Allan Detrich is a respected photojournalist who not only has a passion for storm chasing, but a love of barbecue as well. His photos have appeared in such noteworthy publications as Sports Illustrated, Time, Life Magazine, USA Today, The New York Times and The Chicago Tribune. He’s chased Mother Nature up and down Tornado Alley for decades and dined at some of the best-known and least-known barbecue joints along the way. For years, he has boldly tempted fate, routinely photographing ominous storm systems from not-so-safe distances and eventually began using his camera to also capture the essence of barbecue eateries throughout the country.

He recently published a barbecue-based book of photos that he’s collected while travelling around the country, called “BBQ Culture in America.” And he owes his success not only to his appetite for slow-smoked meat, but also to his thirst for excitement.

Since about 1997, Detrich has been a storm chaser, heading out on the road at the beginning of every May and spending about a month searching for the biggest storms in America. It’s a “hobby” that came about after following a story.

“I was working at the Toledo Blade and I had a gig where I could do pretty much whatever stories I wanted, and I decided to do a story on storm chasing – and this was before movies like ‘Twister’ came out,” he explains. “I went on the ‘baby’ internet at the time, and found a forum where people were looking for partners to chase storms. I found a group of people who were going to meet up and I hooked up with them to do the story, and just wound up becoming friends with them and forming a group with them the next year.”

Once experiencing the thrill of the chase, Detrich was hooked, and has been storm chasing for 22 years now. Over the years, he has put himself into the eye of hurricanes Gloria, Floyd and Rita. His photo of a deadly 2002 tornado that ripped through Tiffin, Ohio, earned him Time Magazine’s Photo of the Year.

“We get out there and don’t know where we’re going to stay from one night to the next, so you have to be able to move to get ahead of the weather; that means you might start in Kansas one day and that night end up almost in Texas,” he says. “We have a forecaster and we all go out and have a great time.”

A couple of years ago in Dodge City, Kansas, Detrich and his group saw 15 tornados in one day – sometimes as many as three at a time.

Some days, however, there is no weather to chase, so the group of chasers will hit the local hotspots of whatever town they happen to be in, seeking out the best local barbecue restaurants in a given region.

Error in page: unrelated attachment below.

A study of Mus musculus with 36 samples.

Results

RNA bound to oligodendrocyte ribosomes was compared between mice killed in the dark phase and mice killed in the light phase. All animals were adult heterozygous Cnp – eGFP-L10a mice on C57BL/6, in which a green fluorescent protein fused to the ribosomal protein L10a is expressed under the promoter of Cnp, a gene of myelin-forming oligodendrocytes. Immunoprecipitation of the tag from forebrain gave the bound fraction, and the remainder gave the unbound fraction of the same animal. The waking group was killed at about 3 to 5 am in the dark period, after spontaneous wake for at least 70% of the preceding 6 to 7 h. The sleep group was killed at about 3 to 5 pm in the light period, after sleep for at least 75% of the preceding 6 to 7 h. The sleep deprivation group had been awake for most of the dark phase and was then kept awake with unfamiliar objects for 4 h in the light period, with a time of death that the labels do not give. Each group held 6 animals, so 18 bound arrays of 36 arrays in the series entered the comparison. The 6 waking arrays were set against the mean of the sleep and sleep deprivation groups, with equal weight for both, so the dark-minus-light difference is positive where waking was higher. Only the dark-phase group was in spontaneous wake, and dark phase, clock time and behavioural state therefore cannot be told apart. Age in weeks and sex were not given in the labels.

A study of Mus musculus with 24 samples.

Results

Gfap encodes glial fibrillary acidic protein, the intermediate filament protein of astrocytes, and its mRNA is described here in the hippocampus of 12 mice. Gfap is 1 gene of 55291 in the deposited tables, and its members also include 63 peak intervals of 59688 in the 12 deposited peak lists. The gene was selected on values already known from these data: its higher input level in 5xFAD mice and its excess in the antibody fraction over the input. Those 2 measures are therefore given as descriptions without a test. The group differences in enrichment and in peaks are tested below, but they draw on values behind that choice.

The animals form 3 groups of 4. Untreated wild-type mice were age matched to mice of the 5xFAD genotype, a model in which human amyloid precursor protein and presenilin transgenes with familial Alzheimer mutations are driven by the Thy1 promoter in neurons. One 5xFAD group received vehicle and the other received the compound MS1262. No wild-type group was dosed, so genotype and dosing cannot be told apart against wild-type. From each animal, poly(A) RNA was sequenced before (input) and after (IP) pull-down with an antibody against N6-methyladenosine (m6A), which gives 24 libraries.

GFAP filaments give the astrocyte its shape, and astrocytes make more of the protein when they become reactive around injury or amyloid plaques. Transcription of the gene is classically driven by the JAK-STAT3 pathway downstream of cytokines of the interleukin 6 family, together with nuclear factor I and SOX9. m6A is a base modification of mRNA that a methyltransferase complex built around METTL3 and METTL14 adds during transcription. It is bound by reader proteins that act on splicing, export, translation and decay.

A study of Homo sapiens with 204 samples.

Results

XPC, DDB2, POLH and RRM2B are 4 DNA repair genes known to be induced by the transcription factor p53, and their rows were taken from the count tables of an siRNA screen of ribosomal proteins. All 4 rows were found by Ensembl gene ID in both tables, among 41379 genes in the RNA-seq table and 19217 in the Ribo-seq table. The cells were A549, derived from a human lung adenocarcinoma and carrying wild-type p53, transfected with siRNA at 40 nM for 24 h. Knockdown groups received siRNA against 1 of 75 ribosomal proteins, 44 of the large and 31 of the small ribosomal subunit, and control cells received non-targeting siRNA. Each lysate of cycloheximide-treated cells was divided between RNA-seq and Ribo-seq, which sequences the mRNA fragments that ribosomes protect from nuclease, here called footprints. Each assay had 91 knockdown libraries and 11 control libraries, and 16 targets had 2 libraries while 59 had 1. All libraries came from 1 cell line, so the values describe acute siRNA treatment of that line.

“We would eat at these great barbecue places and everyone got addicted to looking for them, so we would always drive by and take some photos and talk with the people who worked there. That’s where I got the idea for a book,” Detrich says. “A lot of these pit masters welcome you with open arms and love to talk barbecue, showing off their craft and traditions.”

While travelling the country as a storm chaser, Allan Detrich (right) spent many hours enjoying meals at barbecue establishments such as Kreuz Market in Lockhart, Texas. This research turned into the subject of his latest book. “BBQ Culture in America.”

Inspiring cuisine

“It’s an interesting group of people who are so nice and willing to share what they do with you,” Detrich says. “The cover of my book is of ‘Nat the Cat,’ an old guy I met in Florida 10 years ago while I was working on a story about the most impoverished city in the nation. He was cooking with this big smoker, so I got out to talk with him,” he says. “We talked for two hours and he ended up giving me his rub recipe, which gives a nice black bark on everything.”

As Detrich was researching the book, he sadly learned Nat had passed away several years earlier, but he’s honored that he’s this “white guy from Ohio carrying on this 90-year-old black guy’s traditional barbecue recipe of his rub.”

“That’s the heart and soul of this book, showing the culture and traditions and the people, plus of course the food, smoke and back story of the restaurants, which a lot of people don’t get to see,” he says. “Every photo has a caption and I try to go into detail so readers know what’s going on.”

For the next volume of the book, which Detrich has already started shooting, he hopes to go into some deeper stories than just what the captions say in the first book.

Sadly, three other pit masters featured in the book have also passed away and Detrich wants to preserve their memories and the history of all of these great barbecue shops, so he’s been taking the book and getting it signed by everyone featured and getting even more stories.

“My book is fast becoming a history book,” he says. “The bad part of that is we are losing a lot of culture,” he says, because when some of the people behind the restaurants die, so does their story.

Divining BBQ

After his many miles of travel and all the barbecue joints he’s frequented, Detrich considers himself something of a barbecue aficionado. He recently developed an app – The Sauce Shop app – which identifies barbecue joints closest to someone, as well as places to find the best sauces, rubs and spices.

“You can be anywhere in the world, hit the button, and it will give you the closest barbecue to you,” he says. “We don’t have every place in the world yet, but the list grows daily and we’re constantly learning of others thanks to crowdsourcing. People help me know when things open and close.”

As of the start of the 2019 storm-chasing season, there were more than 6,000 barbecue joints listed in the app, many that Detrich has eaten at personally. The app also allows for the purchase of sauces, rubs and other barbecue items.

“We have some great big things in the works with this,” he says. “It’s an exciting time,” Detrich says, “and it’s been a great passion of mine and I’m happy it’s going so well. If you love barbecue, you have to get it.”